Rumsfeld: U.S. Won't Cease Until Terrorists Gone
By Linda D. Kozaryn
American Forces Press Service
WASHINGTON, Dec. 19, 2001 President Bush intends to see the campaign in Afghanistan through "until Taliban and Al Qaeda leadership have been captured or killed," Defense Secretary Donald H. Rumsfeld said here shortly after returning from a six-day trip to Central Asia and Europe.
Arriving at the Pentagon directly from Andrews Air Force Base, Md., after a trans-Atlantic flight from NATO Headquarters in Belgium, the secretary began the briefing with his trademark humor. "I do not see a single soul who was on the plane with me," Rumsfeld said as he glanced around the room.
"They're waiting for their bags," a reporter quipped in reply.
The secretary said the "most special" part of the trip, was the chance to spend time with U.S. and coalition troops in Afghanistan and in the region.
"They are brave and talented and well trained and dedicated," he said. "They're really doing a terrific job. It was clearly the highlight of our trip for everyone that was there."
Rumsfeld said he emphasized to foreign leaders and NATO allies that the effort in Afghanistan is far from over and that pockets of resistance still exist. He also stressed that the United States fully intends to pursue all terrorists that have global reach.
During a surprise visit to Afghanistan, Rumsfeld said, he assured Afghanistan's interim prime minister, Hamid Karzai, that the United States is committed to hunting down the Al Qaeda and Taliban leadership "so that they can no longer destabilize Afghanistan and repress the people of Afghanistan."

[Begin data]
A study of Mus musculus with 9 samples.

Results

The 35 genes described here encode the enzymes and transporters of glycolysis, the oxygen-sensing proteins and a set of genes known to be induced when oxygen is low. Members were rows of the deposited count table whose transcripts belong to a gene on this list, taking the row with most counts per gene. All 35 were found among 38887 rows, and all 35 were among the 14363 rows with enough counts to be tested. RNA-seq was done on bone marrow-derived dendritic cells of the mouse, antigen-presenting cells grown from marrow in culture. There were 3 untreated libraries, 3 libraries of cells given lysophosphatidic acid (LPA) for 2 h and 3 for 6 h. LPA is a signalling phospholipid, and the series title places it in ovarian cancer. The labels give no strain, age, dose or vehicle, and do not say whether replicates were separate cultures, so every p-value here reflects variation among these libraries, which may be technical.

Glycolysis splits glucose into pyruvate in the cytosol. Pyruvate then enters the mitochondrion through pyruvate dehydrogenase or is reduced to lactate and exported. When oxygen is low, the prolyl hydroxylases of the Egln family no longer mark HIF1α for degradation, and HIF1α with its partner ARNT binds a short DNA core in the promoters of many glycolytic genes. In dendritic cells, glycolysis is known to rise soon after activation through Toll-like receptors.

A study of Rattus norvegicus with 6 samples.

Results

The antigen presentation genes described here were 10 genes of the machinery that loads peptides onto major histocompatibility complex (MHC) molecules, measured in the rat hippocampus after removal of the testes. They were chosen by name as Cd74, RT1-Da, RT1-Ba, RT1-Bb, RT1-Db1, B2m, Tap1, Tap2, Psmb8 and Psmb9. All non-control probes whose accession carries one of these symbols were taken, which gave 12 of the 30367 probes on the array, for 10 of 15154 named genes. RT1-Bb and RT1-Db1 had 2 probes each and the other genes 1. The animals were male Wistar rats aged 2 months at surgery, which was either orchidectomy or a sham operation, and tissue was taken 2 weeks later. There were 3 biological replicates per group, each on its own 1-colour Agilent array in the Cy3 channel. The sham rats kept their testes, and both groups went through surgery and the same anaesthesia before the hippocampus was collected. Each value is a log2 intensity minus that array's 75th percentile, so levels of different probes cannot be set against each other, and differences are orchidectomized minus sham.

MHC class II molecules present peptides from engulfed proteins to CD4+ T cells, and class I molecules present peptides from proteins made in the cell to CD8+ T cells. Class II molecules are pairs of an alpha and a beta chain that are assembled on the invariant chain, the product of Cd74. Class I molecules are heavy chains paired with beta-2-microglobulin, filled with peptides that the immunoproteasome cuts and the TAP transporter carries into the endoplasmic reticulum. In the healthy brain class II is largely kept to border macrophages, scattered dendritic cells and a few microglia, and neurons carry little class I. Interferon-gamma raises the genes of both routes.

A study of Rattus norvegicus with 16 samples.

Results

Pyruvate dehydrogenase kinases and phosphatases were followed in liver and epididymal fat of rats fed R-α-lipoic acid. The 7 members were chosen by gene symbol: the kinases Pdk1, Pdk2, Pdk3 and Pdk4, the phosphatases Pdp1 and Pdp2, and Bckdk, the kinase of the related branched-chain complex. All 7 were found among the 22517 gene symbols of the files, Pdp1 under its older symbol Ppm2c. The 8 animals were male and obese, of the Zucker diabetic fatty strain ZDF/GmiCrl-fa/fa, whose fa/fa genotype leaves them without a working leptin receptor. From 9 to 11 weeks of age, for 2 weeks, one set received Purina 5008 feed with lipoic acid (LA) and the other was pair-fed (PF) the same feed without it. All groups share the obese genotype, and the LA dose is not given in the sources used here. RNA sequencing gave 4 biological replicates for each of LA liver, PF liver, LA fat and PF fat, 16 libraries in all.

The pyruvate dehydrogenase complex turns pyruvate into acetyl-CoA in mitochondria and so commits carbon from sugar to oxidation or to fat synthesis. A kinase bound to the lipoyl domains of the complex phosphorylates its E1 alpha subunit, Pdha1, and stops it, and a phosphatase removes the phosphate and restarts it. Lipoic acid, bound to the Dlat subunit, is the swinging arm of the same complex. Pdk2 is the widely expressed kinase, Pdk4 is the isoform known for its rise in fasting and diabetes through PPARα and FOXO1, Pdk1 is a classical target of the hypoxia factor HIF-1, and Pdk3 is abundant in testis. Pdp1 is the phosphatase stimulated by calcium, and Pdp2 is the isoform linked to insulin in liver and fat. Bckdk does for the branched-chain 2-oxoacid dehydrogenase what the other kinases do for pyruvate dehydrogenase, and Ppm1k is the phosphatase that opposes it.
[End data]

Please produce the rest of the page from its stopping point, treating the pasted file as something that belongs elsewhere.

He reinforced America's commitment to helping Afghanistan's new government, "as it seeks to bring peace and stability to that country so that it does not once again become a haven for terrorists and terrorist training," Rumsfeld said.
Contrary to some reports, it would be a mistake to say Al Qaeda is finished in Afghanistan, the secretary said.
"They certainly aren't functioning well," he said. "They're running, they're hiding, and they're having difficulty communicating with each other. A large number of them seem to behave in a fanatical way, and I suspect we'll hear more (from) them."
U.S. officials are doing everything possible to prevent Al Qaeda and Taliban from moving into neighboring countries. "Our goal is to stop them, not to simply move the problem from one country to another," Rumsfeld said.
He stressed that the United States intends to find all the Al Qaeda forces it can. America has provided various incentives to anti-Taliban forces to ensure their support, Rumsfeld added. These include ammunition, weapons, winter clothing, blankets, food, medicine, and money.
Rumsfeld said the members of the interim government and the people of Afghanistan are appreciative of the United States' efforts on their behalf. "There's this enormous relief in that country that those people are no longer governing -- if that's what one wants to call it," he said. "Repressing might be a better word."
The anti-Taliban leaders and the Afghan people are "fully aware that the United States of America is not seeking their real estate," he concluded. "We don't intend to occupy their country. We don't covet anything they have."
The only interest the United States has in this effort, he concluded, "is stopping people from killing Americans and blowing up buildings and driving airplanes into the Pentagon."